With sickness absence levels falling to record an average low level of 4.1 days per year per colleague (ONS), have we conquered absence?
In 2017, the sickness absence rate stood at 1.7% for the private sector and 2.6% for the public sector.
Many believe rates may have decreased due to:
Certainly, these aspects have played a part, but the factors behind reduced absence may mask a hidden time bomb of future absence issues.
Presenteeism often results in reduced productivity and working long hours than necessary. It can also exacerbate mental health problems. The cost of mental health problems in the UK workforce was £34.9 billion in 2017 with presenteeism costing £21.2 billion. Further research found that 86% of employers having observed staff coming into work while ill in the last year.
However, presenteeism reduces productivity, increases employee stress and turnover and reduces engagement and morale. This is backed by statistics showing an increase in the number of younger workers (aged 25 to 34) citing mental health conditions as the reason for absence, up from 7.2% in 2009 to 9.6%.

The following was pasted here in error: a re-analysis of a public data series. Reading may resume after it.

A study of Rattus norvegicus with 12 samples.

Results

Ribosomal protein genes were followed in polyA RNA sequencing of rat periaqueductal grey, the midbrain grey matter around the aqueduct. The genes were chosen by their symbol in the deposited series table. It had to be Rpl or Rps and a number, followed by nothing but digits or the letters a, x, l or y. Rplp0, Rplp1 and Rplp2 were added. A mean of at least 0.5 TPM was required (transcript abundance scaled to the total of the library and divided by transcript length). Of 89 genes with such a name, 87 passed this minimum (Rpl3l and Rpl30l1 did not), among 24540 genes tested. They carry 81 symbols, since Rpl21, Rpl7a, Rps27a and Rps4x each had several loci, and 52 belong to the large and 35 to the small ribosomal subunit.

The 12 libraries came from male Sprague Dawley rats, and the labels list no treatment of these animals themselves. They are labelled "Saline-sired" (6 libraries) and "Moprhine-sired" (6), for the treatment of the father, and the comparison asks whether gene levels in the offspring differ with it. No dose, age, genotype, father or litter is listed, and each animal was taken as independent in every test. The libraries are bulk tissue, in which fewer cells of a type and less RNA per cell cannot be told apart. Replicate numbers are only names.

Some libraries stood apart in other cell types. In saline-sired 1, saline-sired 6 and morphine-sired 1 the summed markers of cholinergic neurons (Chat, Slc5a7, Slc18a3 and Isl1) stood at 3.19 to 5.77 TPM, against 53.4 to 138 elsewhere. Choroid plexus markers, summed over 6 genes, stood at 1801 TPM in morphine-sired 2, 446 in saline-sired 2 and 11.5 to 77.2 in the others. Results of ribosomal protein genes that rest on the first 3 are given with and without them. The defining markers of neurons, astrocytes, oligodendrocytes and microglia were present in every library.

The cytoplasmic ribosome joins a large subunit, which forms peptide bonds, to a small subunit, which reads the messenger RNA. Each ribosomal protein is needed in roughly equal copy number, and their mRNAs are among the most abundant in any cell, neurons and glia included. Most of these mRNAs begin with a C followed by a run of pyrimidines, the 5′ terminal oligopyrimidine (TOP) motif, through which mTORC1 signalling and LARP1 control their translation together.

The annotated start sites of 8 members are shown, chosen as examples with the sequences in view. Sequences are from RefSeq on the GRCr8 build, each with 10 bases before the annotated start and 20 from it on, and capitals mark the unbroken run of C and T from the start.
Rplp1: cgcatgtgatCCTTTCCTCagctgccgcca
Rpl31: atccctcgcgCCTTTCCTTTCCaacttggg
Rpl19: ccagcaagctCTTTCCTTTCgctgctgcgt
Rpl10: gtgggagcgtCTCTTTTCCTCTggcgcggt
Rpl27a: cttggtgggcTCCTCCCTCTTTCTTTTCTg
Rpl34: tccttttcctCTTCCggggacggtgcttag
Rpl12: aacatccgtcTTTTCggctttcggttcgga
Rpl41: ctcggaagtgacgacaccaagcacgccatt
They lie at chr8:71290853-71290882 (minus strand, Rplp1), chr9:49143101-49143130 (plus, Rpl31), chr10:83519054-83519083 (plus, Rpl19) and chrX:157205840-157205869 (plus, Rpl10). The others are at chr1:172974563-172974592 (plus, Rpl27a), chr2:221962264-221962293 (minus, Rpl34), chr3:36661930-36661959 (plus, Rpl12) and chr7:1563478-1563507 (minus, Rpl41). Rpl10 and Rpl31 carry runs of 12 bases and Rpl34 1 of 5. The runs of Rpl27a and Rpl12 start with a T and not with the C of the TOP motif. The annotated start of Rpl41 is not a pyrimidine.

And with increased life expectancy come chronic diseases and musculoskeletal problems, which can account for a significant amount of long-term sickness and absence and presenteeism; this is backed by statistics showing older workers were more likely to attribute absence to musculoskeletal problems, such as back and joint pain, accounting for sickness absence for 20.8% of 50 to 64 year olds.
Labour productivity remains noticeably below the long-term trend observed before 2008 when productivity growth averaged nearly 2% per annum, and suggests the “productivity puzzle” remains unsolved or, at least, be related to an increase in presenteeism.
Organisations need to understand the scale of workplace presenteeism and take a holistic approach to health & wellbeing, understanding the visible and “invisible” causes of ill-health and loss of wellbeing in the workplace and its effects on productivity.